Zamrock was a 70s fuzzed-out, psychedelic rock combined with local music that emerged in Zambia. Influenced by the music of Jimi Hendrix and James Brown, many Zamrock bands, also drew inspiration from the heavy repetitive riffs of bands like Black Sabbath, Blue Cheer, the Rolling Stones, Deep Purple, and Cream.

With the end of WWII, the promise given to African colonies, by the allied powers, was greater international respect and self-determination in exchange for their participation in the war effort. As usual, these promises were empty, however, there was now a base of African intellectuals promoting African nationalism and demanding a change in the balance of power, self-government, and African national sovereignty restored.

Zambia was a British colony and saw a peaceful transition of power on October 24, 1964. Zambia’s first president, Kenneth Kaunda sought to create a Zambian identity that was free of any colonial contamination.

Regardless of the British pop Invasion and the global surge of American rock and roll, Kaunda ordered that no less than 90% of all music played on Zambian radio had to be of national origin.

Zamrock wasn’t just regurgitations of some of the world’s most imitated artists, but a whole genre on its own, taking influence from traditional Zambian instruments, occasionally using local languages (Nyanja, Bemba) and tackling social issues.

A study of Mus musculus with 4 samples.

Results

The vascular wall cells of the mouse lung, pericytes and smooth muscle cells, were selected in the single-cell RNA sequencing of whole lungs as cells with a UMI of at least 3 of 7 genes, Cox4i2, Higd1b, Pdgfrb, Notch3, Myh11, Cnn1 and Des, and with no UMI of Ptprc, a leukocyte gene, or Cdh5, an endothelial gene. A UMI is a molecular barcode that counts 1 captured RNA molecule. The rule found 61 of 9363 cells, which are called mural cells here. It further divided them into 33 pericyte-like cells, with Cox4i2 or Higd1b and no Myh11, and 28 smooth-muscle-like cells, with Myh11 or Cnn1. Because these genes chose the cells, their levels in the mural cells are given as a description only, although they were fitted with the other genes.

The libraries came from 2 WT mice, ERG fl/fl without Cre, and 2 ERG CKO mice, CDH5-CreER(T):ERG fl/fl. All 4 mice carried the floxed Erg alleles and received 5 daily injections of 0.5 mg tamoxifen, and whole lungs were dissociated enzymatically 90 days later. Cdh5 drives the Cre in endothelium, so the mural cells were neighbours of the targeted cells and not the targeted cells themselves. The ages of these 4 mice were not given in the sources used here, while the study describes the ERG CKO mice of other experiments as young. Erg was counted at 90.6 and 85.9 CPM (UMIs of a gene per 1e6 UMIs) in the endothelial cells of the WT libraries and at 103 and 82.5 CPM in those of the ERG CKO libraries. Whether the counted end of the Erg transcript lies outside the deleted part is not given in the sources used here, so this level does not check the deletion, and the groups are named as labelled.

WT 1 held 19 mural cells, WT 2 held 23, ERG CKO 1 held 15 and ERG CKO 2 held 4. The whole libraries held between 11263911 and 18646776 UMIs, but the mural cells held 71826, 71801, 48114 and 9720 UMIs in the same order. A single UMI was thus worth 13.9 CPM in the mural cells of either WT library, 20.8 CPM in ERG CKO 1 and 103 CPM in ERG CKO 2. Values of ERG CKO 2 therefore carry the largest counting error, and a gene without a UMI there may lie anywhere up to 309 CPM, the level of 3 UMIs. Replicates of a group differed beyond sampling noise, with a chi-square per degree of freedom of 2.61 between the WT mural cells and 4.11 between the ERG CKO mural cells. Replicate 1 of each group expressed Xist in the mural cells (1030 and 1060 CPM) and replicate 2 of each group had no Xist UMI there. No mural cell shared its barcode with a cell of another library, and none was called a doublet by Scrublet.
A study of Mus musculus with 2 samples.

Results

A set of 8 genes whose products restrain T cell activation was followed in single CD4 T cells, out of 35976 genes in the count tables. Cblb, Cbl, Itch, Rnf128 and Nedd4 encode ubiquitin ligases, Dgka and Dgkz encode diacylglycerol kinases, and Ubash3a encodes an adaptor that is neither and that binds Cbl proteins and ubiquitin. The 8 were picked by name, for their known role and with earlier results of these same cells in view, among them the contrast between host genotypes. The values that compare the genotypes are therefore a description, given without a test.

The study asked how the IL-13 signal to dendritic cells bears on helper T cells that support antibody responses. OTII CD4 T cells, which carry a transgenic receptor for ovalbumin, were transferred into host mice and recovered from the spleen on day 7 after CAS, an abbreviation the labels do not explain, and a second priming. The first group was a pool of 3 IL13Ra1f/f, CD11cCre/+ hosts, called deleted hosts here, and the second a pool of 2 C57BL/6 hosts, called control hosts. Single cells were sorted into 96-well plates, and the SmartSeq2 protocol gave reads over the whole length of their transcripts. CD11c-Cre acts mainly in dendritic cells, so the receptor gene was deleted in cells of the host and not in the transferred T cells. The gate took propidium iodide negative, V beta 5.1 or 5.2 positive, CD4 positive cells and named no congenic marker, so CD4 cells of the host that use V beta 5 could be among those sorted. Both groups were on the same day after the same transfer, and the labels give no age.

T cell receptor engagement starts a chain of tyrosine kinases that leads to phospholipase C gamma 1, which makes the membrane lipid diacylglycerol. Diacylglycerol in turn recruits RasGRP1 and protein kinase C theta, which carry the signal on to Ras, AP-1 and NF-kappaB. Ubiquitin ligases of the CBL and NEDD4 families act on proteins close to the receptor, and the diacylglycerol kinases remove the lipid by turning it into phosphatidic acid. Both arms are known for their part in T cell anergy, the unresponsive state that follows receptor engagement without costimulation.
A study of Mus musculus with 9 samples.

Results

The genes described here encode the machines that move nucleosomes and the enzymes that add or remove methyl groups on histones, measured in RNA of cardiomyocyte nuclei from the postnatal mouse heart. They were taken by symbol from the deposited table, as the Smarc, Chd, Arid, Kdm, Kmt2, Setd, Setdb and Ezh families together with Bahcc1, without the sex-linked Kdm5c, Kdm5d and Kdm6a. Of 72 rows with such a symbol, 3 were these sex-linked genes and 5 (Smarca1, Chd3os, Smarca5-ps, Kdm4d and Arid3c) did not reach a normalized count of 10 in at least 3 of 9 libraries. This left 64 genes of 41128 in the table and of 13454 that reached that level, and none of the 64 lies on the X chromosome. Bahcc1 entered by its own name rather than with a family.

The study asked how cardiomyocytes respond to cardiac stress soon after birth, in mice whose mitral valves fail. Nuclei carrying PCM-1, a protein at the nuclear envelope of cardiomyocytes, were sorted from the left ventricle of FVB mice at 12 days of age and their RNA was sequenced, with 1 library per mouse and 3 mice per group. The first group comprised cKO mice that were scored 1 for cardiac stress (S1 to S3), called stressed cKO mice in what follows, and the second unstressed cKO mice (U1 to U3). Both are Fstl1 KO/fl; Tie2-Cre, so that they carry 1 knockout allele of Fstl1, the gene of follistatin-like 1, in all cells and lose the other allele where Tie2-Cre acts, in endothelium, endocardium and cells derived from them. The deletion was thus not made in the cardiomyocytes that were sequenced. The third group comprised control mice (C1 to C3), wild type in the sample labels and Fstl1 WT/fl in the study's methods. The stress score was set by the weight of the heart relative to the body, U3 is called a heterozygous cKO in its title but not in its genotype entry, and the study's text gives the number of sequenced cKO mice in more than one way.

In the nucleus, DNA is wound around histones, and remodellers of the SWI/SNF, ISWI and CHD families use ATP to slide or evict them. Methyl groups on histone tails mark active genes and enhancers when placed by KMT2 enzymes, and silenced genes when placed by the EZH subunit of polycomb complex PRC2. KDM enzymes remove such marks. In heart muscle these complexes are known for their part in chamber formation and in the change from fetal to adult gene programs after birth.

We´ll review some three of the main acts, the rest is a whole new world for you to explore.

‘We Intend To Cause Havoc’ WITCH, they could be considered the fathers of Zamrock. Formed in 1971, Witch was the first band to release an EP, triggering a number of Zambian labels such as Teal Records, Zambia Music Parlour to start signing up local bands.

The Witch line up changed frequently and featured a number of musicians who went on to record with other bands, building on the idea that the Zamrock scene was really a creative collective reflecting a time in the countries history.

Witch’s records are amazingly raw and honest, with shredding guitar riffs, rich, melodic guitar solos and rhythmic keyboard lines all backed by simple but fitting driving drum beats.


What sets apart Amanaz from its counterparts is the damaged mood that pervades their work. The band of freedom fighters paints a dark picture throughout as fuzz-laden, sludgy guitars add serious weight to the desperation of the songs.

While the record is pretty heavy, there is some levity on the more pastoral yet desolate “Kala My Friend” and the serene ode to the Velvet Underground, “Sunday Morning.” “Africa” is a brilliant standout featuring a creepy melody, reverb-drenched guitars and a funky percussive breakdown.

Peace was one of Zamrock’s prominent bands, kick-started by groups The Boyfriends and WITCH from Chamboli Mine Township, Kitwe, Zambia.

Black Power was their sole release, recorded at Malachite Film Studio circa 1973-74 and issued circa 1975, sounds like nothing else in the Zamrock scene: a lost message drifting from the flower power era, imbued with a fiery Zambian voice.

Also worth notice is the amazing artwork that went into the albums. Here are some more samples.